Originally appeared in The Sacramento Bee on January 29, 2013. Click here for the full article.
Californians recently learned that this January the state received $4 billion more income tax revenue than it had projected.
There is no consensus as to why projections were so far off. Was it capital gains accelerated into 2012 to escape 2013's higher capital gains taxes? Or receipt of the many dividends companies accelerated into 2012 to avoid 2013's higher dividend tax? Did taxpayers pay their taxes early?
Whatever the driver of the excess revenue, this news illustrates a fact too rarely discussed: The state's actual revenues usually diverge widely from its projections, and now almost always rely on rosy projections that don't come through.
Mandated by law, the governor must present a proposed budget every January, just as Gov. Jerry Brown did a few weeks ago. The proposed budget always includes revenue projections for the coming fiscal year, which doesn't begin for six more months, on July 1.
Those revenue projections are the basis for how the state crafts its budget, sets its spending and handles its debt. Therefore, one would think that accurately estimating incoming revenue would be the most crucial aspect of the early budget formation process.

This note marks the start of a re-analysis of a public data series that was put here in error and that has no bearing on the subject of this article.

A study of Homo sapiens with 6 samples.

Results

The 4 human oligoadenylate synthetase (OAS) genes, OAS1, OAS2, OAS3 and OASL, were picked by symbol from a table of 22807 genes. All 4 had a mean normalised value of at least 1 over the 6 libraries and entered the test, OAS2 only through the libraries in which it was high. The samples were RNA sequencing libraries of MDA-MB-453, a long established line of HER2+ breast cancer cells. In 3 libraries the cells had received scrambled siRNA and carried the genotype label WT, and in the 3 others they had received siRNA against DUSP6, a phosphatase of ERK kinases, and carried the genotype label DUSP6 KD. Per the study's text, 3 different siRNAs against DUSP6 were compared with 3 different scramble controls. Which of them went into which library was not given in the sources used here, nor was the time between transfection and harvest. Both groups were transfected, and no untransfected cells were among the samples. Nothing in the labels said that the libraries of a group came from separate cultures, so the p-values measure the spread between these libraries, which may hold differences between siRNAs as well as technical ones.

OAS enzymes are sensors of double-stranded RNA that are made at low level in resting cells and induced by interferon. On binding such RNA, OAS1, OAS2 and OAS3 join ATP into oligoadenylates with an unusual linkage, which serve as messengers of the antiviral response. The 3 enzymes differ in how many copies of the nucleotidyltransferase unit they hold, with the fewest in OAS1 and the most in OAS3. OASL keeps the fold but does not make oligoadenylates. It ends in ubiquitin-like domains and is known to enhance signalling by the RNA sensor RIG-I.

But instead of providing a reasonable spending plan for the year ahead, January's proposed budget annually ushers in a round of political acrobatics based on wildly inaccurate revenue projections,resulting in discourse far removed from reality.
California Common Sense recently found that since 1997-98, actual revenues have been within 2 percent of January's projected revenues only two times, and within 10 percent of projected revenues only nine times.
Considering the state's nearly $100 billion general fund budget, missing the mark is a big deal. Even being just 2 percent off is a $2 billion error – an amount almost equal to what the state spends on the entire 23-campus California State University system.
Certainly, whether the state overestimates or underestimates revenues does matter. Whereas revenue excesses generate questions about how to most effectively use those revenues, revenue shortfalls force immediate cuts to already budgeted spending.
Continue reading at The Sacramento Bee.